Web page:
US VP, top diplomat to visit Turkey for talks
US Vice President Mike Pence will head to Turkey on Wednesday, in an effort to negotiate a ceasefire in Syria, according to a statement from his office and confirmed by President Donald Trump.
U.S. Vice President Mike Pence will soon depart for Turkey to hold talks with top officials regarding Ankara's ongoing Operation Peace Spring in northeastern Syria, President Donald Trump said Tuesday.
Pence will be accompanied by Secretary of State Mike Pompeo when he departs Wednesday, Trump said in remarks delivered at the White House.
A U.S. delegation will leave Tuesday ahead of the departure of the senior officials, according to the president
The vice president's office released a statement adding Pence will be further accompanied by National Security Advisor Robert O'Brien, and Trump's special envoy for the anti-Daesh coalition James Jeffrey.
"In Turkey, the Vice President will voice the United States' commitment to reach an immediate ceasefire and the conditions for a negotiated settlement," it said.
Pence is set to meet with Turkish President Recep Tayyip Erdogan a bilateral meeting for a bilateral meeting, according to the office.
"The Administration is resolved to maintain security in the region, the safety of civilians, and the continued detention of ISIS fighters," the office said, using another name for the Daesh terrorist organization.
The U.S. announced sanctions Monday on two Turkish ministries and three senior government officials over Turkey's anti-terror operation in northeastern Syria.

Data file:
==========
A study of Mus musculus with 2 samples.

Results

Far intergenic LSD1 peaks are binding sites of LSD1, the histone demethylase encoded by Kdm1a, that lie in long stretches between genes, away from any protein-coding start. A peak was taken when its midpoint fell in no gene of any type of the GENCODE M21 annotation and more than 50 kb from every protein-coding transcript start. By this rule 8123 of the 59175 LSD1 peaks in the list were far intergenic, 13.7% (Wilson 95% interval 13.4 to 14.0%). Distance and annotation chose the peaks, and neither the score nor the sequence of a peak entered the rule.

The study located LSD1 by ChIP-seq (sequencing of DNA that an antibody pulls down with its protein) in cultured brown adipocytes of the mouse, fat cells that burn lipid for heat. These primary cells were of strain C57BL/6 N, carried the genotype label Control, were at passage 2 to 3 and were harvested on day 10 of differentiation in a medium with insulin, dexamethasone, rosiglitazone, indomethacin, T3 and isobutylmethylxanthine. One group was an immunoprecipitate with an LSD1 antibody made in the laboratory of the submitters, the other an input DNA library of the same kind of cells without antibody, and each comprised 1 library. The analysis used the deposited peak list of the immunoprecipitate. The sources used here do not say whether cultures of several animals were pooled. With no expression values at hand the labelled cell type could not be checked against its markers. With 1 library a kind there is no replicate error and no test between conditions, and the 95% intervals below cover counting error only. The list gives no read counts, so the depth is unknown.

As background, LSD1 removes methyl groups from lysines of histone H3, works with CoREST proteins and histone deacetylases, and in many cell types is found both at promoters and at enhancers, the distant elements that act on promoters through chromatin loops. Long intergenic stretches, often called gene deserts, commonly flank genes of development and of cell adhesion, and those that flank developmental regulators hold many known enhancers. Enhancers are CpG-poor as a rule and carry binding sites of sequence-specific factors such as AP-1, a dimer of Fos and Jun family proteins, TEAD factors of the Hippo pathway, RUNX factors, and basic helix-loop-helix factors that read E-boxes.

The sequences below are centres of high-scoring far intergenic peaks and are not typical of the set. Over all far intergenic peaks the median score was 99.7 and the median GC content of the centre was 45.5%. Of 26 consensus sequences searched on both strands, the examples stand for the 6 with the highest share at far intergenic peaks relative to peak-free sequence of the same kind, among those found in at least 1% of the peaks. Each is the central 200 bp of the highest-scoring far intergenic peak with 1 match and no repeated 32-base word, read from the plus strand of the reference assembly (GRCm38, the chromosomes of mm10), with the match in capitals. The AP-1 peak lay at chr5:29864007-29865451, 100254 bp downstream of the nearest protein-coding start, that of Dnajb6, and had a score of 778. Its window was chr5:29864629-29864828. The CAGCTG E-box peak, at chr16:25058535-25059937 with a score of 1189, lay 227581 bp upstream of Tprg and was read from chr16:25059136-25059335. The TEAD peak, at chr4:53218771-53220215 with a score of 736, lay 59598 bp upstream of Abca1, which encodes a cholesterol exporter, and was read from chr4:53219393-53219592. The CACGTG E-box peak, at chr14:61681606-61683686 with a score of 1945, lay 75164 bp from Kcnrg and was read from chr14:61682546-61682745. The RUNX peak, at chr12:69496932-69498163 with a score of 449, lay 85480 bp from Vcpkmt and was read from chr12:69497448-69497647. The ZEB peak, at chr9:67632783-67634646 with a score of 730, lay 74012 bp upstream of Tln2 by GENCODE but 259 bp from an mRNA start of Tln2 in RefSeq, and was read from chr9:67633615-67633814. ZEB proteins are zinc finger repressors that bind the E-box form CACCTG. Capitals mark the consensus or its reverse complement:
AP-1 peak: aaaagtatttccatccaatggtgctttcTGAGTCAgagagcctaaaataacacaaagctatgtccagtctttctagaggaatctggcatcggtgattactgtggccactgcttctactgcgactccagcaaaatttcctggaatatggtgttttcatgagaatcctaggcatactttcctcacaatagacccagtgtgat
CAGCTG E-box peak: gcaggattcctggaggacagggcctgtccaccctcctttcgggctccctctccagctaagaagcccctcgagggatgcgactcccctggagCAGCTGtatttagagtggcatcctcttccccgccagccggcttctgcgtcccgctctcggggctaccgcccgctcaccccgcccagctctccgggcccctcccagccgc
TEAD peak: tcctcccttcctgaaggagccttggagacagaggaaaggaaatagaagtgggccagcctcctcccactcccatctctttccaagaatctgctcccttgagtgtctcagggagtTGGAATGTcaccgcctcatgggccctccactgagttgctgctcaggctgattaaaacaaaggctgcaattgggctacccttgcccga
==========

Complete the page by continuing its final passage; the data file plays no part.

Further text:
Washington imposed sanctions on the Ministry of National Defense and Ministry of Energy and Natural Resources, as well as their heads and Ankara's Interior minister.
"We are prepared to impose additional sanctions on Government of Turkey officials and entities, as necessary," the department said in a statement.
Turkey launched Operation Peace Spring on Oct. 9 to eliminate terrorists from northern Syria in order to secure Turkey's borders, aid in the safe return of Syrian refugees and ensure Syria's territorial integrity.
Ankara wants to clear northern Syria east of the Euphrates of the terrorist PKK and its Syrian offshoot, the PYD/YPG.
In its more than 30-year terror campaign against Turkey, the PKK -- listed as a terrorist organization by Turkey, the U.S. and the European Union -- has been responsible for deaths of 40,000 people, including women, children and infants.